Educators are fleeing Florida and here’s why

For those pursuing a career in the education field this is an absolutely terrifying thought, and puts the usefulness of their degree in question. | Mariantona Mejia, PantherNOW

Mariantonia Mejia | Staff Writer

The number of educators working in Florida is dropping at an alarming rate due to our state’s seeming inability to give them appropriate academic freedom or pay them properly. 

In a new report from Florida’s largest association of professional employees, the Florida Education Association, there is currently a vacancy of over 4,000 teachers and over 3,000 staff members within the K-12 system. 

This development comes as talks of a mass educator exodus grow traction in Florida, with those in the education system citing low teacher pay and worsening politics as main factors. 

As of Apr. 24 the National Education Association reports that Florida ranks 48 in the nation for teacher pay, lower still than in 2018. 

The average teacher pay in Florida is currently $51,000 a year, which is only about $12,000 higher than what is needed to earn a living wage in Miami, when adjusting for inflation and other economic factors. 

For those pursuing a career in the education field, this is an absolutely terrifying thought, and puts the usefulness of their degree in question. It is absolutely outrageous, and paints a very bleak picture of the future of education in this state. 

This should not be the case for such an incredibly vital profession.

If Florida cannot even offer a proper living wage for those who are the bedrock of our society, it reveals the lack of respect our current government has for the education system as a whole. 

While trying to parse through what the future education landscape may look like in Florida, those studying to be teachers may also be forced to deal with educational suppression within teacher-preparation courses. 

Senate Bill 1372, proposing that courses could not be based on the theory that systemic racism and other forms of oppression are intrinsic to the the US, or that they were created for the purpose of maintaining class inequities, has been slowly moving forward. 

It should be noted that measures such as these do nothing but exacerbate the shortage, as they put yet another restraint on educators’ freedom in keeping with the general trend of disrespect towards teachers and professors as a whole. 

Along with this, a slew of “anti-woke” laws brought on by Governor DeSantis have contributed to the growing distaste towards pursuing a career in education in the state of Florida.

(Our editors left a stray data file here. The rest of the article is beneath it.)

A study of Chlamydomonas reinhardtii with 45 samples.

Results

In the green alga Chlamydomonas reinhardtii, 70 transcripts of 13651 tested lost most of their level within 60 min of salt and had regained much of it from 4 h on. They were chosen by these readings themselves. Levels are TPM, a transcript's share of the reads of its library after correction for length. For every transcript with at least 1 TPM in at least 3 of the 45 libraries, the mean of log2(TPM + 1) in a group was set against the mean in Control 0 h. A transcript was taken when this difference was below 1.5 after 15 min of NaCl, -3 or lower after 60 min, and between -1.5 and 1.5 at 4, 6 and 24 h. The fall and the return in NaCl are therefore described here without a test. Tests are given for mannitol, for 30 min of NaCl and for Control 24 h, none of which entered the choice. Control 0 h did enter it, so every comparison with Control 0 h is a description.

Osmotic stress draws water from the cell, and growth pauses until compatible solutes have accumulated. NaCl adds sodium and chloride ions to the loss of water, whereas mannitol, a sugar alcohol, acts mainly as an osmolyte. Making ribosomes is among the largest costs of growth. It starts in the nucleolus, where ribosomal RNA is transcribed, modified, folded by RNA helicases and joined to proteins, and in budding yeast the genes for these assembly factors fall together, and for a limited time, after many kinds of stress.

Educators cite laws including DeSantis’s “Don’t Say Gay” bill, the “Stop WOKE Act”, and the banning of “critical race theory”, as reasons for fleeing from educating. 

It’s ridiculous to have teachers perform mental acrobatics and then act surprised when teachers have had enough. 

These problems of educational censorship are not exclusive to the K-12 field either, as those in higher education have referred to the academic situation in Florida as “an intellectual reign of terror”. 

In Dec. the American Association of University Professors released a report laying out the reasons why higher education was under attack during DeSantis’s tenure. 

These included the essentially hostile takeover of New College, the “Academic Governance in Florida Higher Education”, attacks on academic freedom, bias and discrimination, among others things. 

Though we have not necessarily seen this translated into a similar professor shortage, the general attitude amongst those involved in higher education is one of disdain for governing powers. 

Universities used to be viewed as bastions of free thinking and those who once felt stifled by the constraints of the K-12 system could expand their horizons by attending college. 

Now, authoritarian “anti-woke” legislation has begun to creep its way into higher education spaces- and nobody is safe. 

If we want to build a world where we and future generations can step into a classroom and feel confident that we are being taught by someone who is dedicated to our success, we must rebuild a system that respects and values educators. 

Otherwise, this government will succeed in crushing the spirits of those who genuinely believe they can make a difference, and Florida’s education system will crumble. 


The opinions presented on this page do not represent the views of the PantherNOW Editorial Board. These views are separate from editorials and reflect individual perspectives of contributing writers and/or members of the University community.